Kenneth Clarke’s controversial plans to reform sentencing in England and Wales may be shelved after he was summoned to a one-on-one meeting with David Cameron yesterday.
The Prime Minister was compelled to act after concern in the Tory backbenches that the Conservatives could lose their reputation as the party of law and order.
The main bone of contention is the proposal to offer a 50 per cent reduction in sentencing for an early guilty plea — up from the current 33 per cent — aimed at reducing the 85,000 jail population and the £4bn prison and probation budget. There is also a question mark over his plans to curb the power of judges to give indefinite sentences.
Clarke — a famously stubborn politician who has previously refused to back down on this matter — has effectively been ordered back to the drawing board. While Theresa May insisted this morning that this latest move was just part of the normal consultation process, it is difficult to see it as anything but an embarrassing climb down for the government.
This will be particularly galling as the plans, published in a Green Paper last year, initially enjoyed cabinet approval. It was Clarke’s clumsily worded attempt to defend differing sentences for rapists — when he suggested that “serious rape” was distinct from other forms — that crystallised opinion against the plans.
Now, Downing Street wants to drop the idea of discounted sentences, even for less serious criminals. This is an unfortunate knee jerk, to say the least. While there were certainly areas that needed clarification — such as ensuring there was proper sentencing for serious offences — Clarke was right to challenge the orthodoxy that “prison works”.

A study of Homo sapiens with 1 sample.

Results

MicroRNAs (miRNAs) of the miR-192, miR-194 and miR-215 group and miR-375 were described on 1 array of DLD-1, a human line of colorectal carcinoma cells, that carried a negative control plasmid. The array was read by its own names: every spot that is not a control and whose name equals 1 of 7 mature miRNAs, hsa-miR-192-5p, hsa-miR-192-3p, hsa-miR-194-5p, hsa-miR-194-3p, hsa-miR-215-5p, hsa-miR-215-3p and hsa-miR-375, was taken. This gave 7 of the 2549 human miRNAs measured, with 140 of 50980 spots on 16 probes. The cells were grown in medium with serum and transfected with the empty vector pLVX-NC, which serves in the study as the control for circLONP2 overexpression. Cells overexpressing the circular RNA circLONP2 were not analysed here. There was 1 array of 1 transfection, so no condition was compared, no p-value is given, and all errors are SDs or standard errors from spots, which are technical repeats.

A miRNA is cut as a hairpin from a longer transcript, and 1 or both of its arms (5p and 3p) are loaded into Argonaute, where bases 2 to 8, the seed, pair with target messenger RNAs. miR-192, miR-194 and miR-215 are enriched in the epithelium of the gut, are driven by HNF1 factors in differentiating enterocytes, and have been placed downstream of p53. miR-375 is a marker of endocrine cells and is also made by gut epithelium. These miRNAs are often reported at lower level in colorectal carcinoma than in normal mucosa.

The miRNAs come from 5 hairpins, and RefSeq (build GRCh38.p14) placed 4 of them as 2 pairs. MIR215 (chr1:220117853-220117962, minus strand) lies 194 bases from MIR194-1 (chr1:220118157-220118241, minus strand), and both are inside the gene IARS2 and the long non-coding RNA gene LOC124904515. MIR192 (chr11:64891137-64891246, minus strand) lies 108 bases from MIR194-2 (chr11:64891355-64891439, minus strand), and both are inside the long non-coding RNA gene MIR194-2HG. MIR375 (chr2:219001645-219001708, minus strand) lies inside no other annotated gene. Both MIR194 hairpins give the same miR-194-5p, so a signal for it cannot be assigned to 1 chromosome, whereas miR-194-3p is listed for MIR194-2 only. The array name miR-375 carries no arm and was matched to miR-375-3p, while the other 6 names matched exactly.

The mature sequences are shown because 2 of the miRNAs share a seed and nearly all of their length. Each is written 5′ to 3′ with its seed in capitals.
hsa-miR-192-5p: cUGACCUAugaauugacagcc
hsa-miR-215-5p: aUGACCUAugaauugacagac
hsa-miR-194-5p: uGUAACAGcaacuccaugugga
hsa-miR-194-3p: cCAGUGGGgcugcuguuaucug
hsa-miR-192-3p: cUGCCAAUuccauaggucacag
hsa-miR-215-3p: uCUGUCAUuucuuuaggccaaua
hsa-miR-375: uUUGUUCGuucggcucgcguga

Doling out prison sentences is a strategy which lacks foresight — of the 60,000 prisoners given short sentences in the UK, 60 per cent reoffend. Half of those released from prison reoffend within a year. Non-custodial penalties have a far better record in preventing reoffending. Indeed, research published today shows that many repeat offenders feel a short prison sentence is easier to complete than a community sentence, which some consider more of a punishment.
A second problem with this U-turn is that Clarke will now have to find more than £100m savings from elsewhere in the Ministry of Justice budget. He was hoping to save 3,400 prison places and £130m by 2014-15 by reducing sentences. He has already effectively ended legal aid as we know it with savage cuts of 25 per cent. It is difficult to see where these extra cuts will come from.
With Labour attacking Clarke’s proposals from the right, and the Tory backbenchers up in arms, it is perhaps inevitable that the coalition got cold feet — being seen as “soft on crime” is considered electoral suicide. But having held their nerve for this long, it will be a shame if these essentially sensible proposals are shelved altogether.